If you're interested in old railroads, the Colorado Railroad Museum in Golden (just west of Denver) is worth a visit. http://www.crrm.org/ There are also several steam trains still running as tourist attractions, including the Durango-to-Silverton system http://www.durangotrain.com/index.htm
Golden also features the Coors beer factory, which is claimed to be the largest single-site brewery. One may argue whether American-style lager is the "right" sort of beer to drink, but in any case the factory tours (with free samples) are fun. Coors has its own small factory railroad.
There was--and still is--considerable admiration for Europe in Colorado. Towns like Manitou Springs (in the 1900s) and Telluride (today) were specifically set up to compete with Alpine resorts, complete with Spas at hot springs, casinos, and "European" restaurants. Many of the original Colorado settlers came directly from Europe, either as wealthy aristocrats (many with Tuberculosis) or as mine workers (Germans and Cornish in particular).
Indeed, the first time I came across a photo of the Argentine Central was the scanned-in version of some 70-year-old tourism brochure (which I failed to locate now) comparing the sights of Colorado with that of Switzerland. Now I know Switzerland, first-hand, yet I tended to agree, at least on potential if developed like the Swiss equivalents have been.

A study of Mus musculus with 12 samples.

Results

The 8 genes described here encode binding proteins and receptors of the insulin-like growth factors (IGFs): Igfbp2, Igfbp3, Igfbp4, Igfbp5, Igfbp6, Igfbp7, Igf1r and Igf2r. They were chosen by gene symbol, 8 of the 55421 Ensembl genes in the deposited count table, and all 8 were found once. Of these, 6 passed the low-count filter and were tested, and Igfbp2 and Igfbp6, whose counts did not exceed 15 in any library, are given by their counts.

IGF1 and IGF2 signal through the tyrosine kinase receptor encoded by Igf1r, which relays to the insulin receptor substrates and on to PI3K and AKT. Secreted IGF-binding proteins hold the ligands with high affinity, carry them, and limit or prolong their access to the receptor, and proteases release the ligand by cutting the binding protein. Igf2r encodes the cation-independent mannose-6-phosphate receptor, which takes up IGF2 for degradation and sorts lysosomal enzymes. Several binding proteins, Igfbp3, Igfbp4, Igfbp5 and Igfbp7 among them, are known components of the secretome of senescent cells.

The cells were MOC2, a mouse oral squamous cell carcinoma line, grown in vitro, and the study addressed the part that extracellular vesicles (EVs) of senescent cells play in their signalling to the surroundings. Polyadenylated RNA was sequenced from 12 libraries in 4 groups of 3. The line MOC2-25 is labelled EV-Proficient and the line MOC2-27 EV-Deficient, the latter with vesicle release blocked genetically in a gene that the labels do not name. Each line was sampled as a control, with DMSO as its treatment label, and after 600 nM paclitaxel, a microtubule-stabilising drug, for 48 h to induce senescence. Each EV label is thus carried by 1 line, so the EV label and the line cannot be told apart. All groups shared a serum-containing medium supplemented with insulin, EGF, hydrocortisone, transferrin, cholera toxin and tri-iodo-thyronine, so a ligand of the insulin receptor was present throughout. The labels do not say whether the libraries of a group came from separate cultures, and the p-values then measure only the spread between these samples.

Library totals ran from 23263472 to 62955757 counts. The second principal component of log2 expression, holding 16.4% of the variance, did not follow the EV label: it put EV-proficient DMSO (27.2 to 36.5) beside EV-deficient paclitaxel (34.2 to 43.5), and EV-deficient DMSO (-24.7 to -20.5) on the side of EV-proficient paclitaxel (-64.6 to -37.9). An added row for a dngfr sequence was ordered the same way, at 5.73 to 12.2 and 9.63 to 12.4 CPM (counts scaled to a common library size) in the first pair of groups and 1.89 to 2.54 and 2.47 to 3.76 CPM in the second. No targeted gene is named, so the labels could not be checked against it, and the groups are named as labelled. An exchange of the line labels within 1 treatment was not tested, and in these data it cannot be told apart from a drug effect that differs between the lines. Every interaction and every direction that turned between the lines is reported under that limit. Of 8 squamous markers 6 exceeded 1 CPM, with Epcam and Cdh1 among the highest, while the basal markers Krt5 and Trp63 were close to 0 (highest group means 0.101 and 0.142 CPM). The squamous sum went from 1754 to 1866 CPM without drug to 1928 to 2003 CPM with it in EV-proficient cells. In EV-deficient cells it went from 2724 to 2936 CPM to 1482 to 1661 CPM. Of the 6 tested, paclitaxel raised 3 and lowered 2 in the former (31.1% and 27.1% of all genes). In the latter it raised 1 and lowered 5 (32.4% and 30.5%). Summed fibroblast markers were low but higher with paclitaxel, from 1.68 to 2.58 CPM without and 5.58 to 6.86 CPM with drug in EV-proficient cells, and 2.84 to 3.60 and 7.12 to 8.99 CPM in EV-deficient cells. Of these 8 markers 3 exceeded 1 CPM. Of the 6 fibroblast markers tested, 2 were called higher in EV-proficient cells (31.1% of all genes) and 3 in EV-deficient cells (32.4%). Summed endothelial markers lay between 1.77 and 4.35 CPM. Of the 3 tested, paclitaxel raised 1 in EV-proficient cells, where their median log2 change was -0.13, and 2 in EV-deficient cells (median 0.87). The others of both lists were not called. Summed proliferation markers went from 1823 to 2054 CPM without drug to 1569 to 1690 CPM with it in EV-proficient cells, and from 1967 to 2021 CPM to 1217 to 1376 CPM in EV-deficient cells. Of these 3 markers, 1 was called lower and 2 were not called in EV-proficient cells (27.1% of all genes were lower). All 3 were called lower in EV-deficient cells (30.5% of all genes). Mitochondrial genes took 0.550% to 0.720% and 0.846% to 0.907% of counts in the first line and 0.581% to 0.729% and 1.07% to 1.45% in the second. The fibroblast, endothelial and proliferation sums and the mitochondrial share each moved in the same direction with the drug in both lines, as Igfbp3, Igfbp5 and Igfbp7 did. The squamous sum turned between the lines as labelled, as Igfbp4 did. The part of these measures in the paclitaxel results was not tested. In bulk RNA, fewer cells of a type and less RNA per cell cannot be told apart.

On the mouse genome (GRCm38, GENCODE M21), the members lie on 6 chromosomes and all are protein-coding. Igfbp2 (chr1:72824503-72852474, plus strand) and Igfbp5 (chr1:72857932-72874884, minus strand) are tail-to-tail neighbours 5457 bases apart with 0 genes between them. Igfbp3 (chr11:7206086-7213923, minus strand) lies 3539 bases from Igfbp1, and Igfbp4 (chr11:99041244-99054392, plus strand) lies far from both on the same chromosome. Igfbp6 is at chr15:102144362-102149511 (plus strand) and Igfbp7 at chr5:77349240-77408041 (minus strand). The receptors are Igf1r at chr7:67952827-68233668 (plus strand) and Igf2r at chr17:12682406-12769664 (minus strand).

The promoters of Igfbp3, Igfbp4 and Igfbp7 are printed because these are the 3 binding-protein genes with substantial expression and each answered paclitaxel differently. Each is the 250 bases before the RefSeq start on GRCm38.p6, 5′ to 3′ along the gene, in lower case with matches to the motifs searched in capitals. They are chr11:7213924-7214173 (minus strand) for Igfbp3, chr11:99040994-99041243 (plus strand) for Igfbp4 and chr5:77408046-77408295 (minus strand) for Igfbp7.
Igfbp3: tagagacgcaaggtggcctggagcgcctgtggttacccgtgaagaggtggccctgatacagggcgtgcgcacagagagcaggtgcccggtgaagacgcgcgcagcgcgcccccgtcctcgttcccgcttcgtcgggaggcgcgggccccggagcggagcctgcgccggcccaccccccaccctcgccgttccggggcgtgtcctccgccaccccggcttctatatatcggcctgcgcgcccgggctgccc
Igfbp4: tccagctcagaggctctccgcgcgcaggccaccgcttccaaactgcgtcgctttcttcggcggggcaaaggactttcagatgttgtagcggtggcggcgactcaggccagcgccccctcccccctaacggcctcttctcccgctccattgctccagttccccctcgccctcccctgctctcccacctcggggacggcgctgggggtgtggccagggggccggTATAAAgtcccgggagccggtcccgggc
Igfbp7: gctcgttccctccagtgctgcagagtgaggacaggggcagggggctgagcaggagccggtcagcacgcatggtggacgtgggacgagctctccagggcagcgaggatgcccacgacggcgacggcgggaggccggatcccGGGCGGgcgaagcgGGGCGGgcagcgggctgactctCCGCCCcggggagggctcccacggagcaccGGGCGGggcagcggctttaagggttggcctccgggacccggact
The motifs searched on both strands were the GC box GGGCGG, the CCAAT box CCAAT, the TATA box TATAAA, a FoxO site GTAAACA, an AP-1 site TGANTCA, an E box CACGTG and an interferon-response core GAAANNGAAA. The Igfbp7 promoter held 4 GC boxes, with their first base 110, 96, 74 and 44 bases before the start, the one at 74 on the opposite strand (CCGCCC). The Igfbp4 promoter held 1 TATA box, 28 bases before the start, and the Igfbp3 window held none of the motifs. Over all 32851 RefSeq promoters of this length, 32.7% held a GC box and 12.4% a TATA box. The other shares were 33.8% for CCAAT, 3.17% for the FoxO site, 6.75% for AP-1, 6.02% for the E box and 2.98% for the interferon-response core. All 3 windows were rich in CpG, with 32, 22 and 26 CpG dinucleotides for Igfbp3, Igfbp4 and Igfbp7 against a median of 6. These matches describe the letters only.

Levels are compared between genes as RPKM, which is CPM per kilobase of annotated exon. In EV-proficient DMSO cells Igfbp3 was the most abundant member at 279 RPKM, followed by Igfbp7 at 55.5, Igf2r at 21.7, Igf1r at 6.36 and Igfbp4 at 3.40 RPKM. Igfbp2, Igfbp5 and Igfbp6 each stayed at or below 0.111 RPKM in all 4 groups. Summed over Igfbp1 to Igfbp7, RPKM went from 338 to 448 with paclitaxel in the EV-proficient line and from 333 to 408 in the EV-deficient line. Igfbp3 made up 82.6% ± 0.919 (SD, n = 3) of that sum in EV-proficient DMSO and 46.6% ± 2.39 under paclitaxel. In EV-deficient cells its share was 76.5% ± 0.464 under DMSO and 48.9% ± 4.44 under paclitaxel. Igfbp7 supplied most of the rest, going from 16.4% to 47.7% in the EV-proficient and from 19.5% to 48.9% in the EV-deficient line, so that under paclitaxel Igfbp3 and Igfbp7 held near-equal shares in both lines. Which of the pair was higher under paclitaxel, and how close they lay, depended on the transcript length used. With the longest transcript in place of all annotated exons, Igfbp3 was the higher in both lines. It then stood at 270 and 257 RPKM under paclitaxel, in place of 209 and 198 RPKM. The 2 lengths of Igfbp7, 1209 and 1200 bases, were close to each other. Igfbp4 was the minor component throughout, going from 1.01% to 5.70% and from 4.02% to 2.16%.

This was after, a decade ago, I saw a travel-o-documentary about the Rio Grande line across Moffat Tunnel, which impressed me, but compared to the lost stuff I found later on all the B&W photographs on the web (say the ghostdepot.com site), it's just dime-a-dozen... Now, if only...
...a mountain ressort/observation dome had been built atop Argentine Peak, some switchbacks had been replaced with spiral tunnels and direct trains from Denver had been arranged...
...the Rio Grande narrow-gauge system had been taken over by the state of Colorado and strategically maintained...
...the Denver, South Park & Pacific had electrified its mainline...
...the Rio Grande Southern had built panoramic cars...
...then the Jungfraubahn, the Rhätische Bahn, the Matterhorn Gotthard Bahn or the Montreaux-Oberland Bernois would be looking with envy today, I think.
[Respectively: a half-finished mountain railway, a narrow gauge network consolidated by a canton, and two other busy narrow gauge railways making profit mostly with tourist transport.]
One whose delusions are out of fashion.